The Rolling Stones have been forced to skip their drummer Charlie Watts’ funeral due to coronavirus restrictions.

Watts, who died on Tuesday, August 24, was laid to rest last week in the UK.


The Rolling Stones were forced to miss their drummer’s funeral in the UK. (A Current Affair)

The Sun didn’t specify exactly what restrictions prevented the band members from returning to the UK but a source told the outlet the group instead plan on paying tribute during their No Filter tour in the US, which begins in St Louis, Missouri, on September 29.

The drummer’s fellow bandmates are also planning a dedicated celebration of Watts’ life later this year in the UK, the paper said.

Watts died on August 24 at the age of 80.

Mick Jagger, right, and drummer Charlie Watts, perform with the Rolling Stones at halftime of the Super Bowl XL football game in Detroit on Feb. 5, 2006.
Charlie Watts died last month at the age of 80. (AP)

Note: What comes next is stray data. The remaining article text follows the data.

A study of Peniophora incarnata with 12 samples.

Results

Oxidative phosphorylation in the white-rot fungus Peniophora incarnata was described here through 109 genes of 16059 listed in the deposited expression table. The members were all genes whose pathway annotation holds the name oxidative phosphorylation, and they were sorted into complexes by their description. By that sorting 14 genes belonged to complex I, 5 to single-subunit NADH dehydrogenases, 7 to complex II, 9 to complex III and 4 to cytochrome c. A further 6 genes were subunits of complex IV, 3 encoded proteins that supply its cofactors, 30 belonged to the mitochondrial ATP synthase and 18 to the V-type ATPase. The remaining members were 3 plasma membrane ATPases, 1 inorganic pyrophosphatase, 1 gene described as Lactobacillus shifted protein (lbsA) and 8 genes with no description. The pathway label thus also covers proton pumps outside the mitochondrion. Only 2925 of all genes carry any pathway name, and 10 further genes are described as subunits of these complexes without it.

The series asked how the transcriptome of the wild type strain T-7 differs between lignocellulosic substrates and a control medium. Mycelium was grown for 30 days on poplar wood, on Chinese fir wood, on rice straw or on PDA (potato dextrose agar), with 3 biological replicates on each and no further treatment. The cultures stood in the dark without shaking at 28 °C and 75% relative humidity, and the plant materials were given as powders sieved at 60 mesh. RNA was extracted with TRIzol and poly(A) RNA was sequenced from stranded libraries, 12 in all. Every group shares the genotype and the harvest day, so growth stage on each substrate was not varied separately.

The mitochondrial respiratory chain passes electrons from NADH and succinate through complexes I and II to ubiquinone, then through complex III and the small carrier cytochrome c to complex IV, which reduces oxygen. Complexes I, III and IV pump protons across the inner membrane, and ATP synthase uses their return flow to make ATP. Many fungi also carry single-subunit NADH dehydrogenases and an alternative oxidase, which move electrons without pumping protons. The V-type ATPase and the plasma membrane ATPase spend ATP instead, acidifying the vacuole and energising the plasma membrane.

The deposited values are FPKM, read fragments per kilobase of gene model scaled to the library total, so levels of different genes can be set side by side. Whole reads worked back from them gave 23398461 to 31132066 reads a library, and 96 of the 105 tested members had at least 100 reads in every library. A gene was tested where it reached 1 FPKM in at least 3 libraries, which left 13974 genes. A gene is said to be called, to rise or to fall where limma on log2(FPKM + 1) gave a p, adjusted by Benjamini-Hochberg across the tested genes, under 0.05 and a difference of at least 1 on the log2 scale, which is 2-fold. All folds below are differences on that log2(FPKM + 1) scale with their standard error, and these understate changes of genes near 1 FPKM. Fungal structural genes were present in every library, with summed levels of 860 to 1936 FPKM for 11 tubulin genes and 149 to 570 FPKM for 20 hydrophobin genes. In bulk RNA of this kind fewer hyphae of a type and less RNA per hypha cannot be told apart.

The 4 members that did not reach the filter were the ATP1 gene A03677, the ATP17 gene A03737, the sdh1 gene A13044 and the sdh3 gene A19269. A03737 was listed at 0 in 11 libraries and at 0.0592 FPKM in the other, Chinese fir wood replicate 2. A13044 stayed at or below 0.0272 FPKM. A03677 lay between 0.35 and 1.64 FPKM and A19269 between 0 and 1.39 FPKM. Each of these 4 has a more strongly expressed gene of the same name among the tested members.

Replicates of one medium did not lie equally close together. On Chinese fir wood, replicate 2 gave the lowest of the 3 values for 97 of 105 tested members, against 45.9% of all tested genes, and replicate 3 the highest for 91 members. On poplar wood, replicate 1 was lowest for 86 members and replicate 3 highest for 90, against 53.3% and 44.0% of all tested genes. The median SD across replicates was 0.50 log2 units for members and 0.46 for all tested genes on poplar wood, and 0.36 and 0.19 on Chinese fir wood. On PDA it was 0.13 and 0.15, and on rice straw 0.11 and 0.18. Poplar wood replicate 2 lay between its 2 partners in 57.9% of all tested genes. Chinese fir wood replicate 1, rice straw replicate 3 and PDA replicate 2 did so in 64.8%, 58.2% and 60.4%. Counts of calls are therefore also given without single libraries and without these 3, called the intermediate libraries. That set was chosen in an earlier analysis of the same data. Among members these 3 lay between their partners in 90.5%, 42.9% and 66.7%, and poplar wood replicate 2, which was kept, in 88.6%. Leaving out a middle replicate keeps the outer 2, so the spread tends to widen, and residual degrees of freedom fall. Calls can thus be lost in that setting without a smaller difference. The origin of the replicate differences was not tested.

“It is with immense sadness that we announce the death of our beloved Charlie Watts,” a statement from his publicist, Bernard Doherty, said at the time. “He passed away peacefully in a London hospital earlier today surrounded by his family.”

READ MORE: Rolling Stones stars Mick Jagger and Keith Richards pay tribute to Charlie Watts

The musician was described as “a cherished husband, father and grandfather” and “one of the greatest drummers of his generation.”

Three weeks before his passing, he abruptly pulled out from the US tour after undergoing an unspecified medical procedure for an unknown condition.

Watts was described as “a cherished husband, father and grandfather” and “one of the greatest drummers of his generation.” (Getty)

“For once, my timing has been a little off,” Watts joked in a statement at the time.

The legendary drummer joined the Rolling Stones in 1963 and remained with the band for 60 years. He is survived by his wife, Shirley, who he married in 1964 before the band shot to fame.